Image courtesy of GIA

If you’ve ever shopped for a diamond, you may have come across one that had all the characteristics you’re looking for, but offered at a price below other diamonds of similar characteristics. Upon review of the diamond’s certificate, you notice it has fluorescence. Is this cause for concern or can this really be a great value? To answer this question, you need to know a little more about diamond fluorescence and how it effects the particular stone you’re looking at.

Diamond fluorescence occurs when certain diamonds emits a glow when exposed to ultraviolet (UV) rays from sources such as regular sunlight. This glow can be in the form of a bluish light or more rarely, a yellow or orange light. The fluorescence effect stops once the diamond is removed from the UV environment (while indoors.)

Stuller's Red Box Diamonds

About a 3rd of all diamonds exhibit some degree of fluorescence. GIA considers diamond fluorescence an identifying characteristic; not a grading factor like the 4Cs (color, clarity, cut, and carat weight). GIA Diamond lab reports will describe a diamond’s fluorescence by its intensity from None to Very Strong, and note its color if the fluorescence is Medium, Strong, or Very Strong.

There is a perception in the jewelry trade that fluorescence has a negative effect on the overall appearance of a diamond. Recently, GIA conducted visual observation experiments to study this relationship, where 4 sets of very similar diamonds, covering the color range from colorless to faint yellow, were selected for the different strengths of blue fluorescence. These diamonds were then observed by trade professionals and average observers in various positions and lighting environments. The conclusion was that the average observer (which represented the jewelry buying public) were unable to notice no effects of fluorescence. Even the experienced observers didn’t consistently agree on the effects from one diamond to the next.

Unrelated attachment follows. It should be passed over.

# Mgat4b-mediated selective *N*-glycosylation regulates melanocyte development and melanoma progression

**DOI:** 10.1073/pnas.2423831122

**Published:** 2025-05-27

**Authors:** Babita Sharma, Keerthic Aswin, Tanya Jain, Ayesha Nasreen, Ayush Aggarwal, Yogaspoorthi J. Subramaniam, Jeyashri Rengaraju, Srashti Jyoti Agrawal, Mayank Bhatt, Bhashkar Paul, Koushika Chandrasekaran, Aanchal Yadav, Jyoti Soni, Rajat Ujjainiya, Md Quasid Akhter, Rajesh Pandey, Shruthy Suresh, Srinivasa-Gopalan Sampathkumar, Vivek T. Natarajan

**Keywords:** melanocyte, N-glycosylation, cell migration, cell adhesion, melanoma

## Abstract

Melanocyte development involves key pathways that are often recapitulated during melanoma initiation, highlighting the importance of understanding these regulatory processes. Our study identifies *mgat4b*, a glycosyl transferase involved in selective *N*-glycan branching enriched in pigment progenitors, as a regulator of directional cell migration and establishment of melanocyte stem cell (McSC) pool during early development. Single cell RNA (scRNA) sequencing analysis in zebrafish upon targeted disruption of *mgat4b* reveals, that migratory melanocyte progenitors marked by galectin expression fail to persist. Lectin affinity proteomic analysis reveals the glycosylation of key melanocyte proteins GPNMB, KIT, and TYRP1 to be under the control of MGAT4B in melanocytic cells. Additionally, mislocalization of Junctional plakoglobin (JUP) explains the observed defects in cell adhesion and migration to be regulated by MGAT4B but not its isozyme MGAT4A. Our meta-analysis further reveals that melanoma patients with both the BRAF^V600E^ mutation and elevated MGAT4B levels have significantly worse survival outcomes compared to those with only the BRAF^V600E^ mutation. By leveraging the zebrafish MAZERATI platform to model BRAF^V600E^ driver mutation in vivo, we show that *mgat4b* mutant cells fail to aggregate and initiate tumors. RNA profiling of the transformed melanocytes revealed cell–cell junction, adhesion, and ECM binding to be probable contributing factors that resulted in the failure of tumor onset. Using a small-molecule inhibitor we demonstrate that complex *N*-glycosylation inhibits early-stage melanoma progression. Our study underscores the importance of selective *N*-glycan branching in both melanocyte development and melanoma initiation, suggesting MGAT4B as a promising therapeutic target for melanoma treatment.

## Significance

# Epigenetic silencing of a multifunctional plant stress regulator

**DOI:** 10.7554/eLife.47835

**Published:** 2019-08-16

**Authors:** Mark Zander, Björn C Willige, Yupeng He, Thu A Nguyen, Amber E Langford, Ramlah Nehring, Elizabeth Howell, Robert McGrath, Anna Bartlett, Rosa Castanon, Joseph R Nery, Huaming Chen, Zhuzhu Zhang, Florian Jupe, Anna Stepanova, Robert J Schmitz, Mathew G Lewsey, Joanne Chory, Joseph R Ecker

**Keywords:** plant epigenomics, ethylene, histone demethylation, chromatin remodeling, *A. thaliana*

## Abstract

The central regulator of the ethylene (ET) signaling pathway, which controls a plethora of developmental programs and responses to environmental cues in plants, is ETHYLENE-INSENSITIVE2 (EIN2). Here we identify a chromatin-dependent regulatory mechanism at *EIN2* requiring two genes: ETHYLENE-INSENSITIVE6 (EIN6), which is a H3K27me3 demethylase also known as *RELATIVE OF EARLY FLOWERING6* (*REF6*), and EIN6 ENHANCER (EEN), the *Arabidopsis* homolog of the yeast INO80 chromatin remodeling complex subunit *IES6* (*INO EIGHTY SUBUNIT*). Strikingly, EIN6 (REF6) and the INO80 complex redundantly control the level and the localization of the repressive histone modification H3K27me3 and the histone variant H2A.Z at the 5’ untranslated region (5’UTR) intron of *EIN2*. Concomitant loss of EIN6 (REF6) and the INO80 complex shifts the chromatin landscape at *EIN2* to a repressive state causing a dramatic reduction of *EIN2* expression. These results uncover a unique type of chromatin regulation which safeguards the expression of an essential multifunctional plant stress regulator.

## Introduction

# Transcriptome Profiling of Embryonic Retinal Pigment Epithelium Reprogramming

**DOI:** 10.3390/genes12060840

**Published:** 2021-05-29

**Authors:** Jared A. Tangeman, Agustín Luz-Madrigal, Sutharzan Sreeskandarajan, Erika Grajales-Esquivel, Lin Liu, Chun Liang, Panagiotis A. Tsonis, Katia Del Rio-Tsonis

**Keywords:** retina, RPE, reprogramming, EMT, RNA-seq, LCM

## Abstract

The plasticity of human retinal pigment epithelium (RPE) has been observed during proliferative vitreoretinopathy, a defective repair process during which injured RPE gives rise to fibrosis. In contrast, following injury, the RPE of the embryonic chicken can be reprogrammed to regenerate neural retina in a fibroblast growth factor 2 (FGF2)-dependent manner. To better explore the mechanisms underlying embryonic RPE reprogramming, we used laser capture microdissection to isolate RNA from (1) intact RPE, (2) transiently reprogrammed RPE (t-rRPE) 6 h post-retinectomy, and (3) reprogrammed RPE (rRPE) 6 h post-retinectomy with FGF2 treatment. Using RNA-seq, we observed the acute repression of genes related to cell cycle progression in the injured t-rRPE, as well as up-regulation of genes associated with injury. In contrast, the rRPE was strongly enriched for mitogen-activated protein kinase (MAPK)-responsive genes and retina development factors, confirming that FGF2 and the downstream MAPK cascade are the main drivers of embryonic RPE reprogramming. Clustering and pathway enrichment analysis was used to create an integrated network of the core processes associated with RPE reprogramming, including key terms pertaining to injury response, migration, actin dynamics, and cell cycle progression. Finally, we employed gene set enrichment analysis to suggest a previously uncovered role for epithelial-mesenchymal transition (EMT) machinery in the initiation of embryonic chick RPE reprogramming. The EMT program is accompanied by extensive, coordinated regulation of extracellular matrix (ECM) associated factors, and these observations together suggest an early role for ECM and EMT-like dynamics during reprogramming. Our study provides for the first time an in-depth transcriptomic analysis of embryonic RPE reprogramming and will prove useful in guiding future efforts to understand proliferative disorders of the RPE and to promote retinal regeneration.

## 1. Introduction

Image Courtesy GIA

Sometimes, diamonds within the faint color grades of K-M, bluish fluorescence may make the diamond more expensive because they may appear colorless. However, diamonds with colorless color grades will typically be priced lower, due to the perception that most diamonds with a strong bluish fluorescence will produce a milky or oily appearance in natural sunlight; which is not always the case.

How we do it: We won’t recommend a stone until we’ve been able to verify the stones visual beauty under all lighting conditions, including UV or natural sunlight. If all is OK, a diamond with fluorescence may be a great value indeed.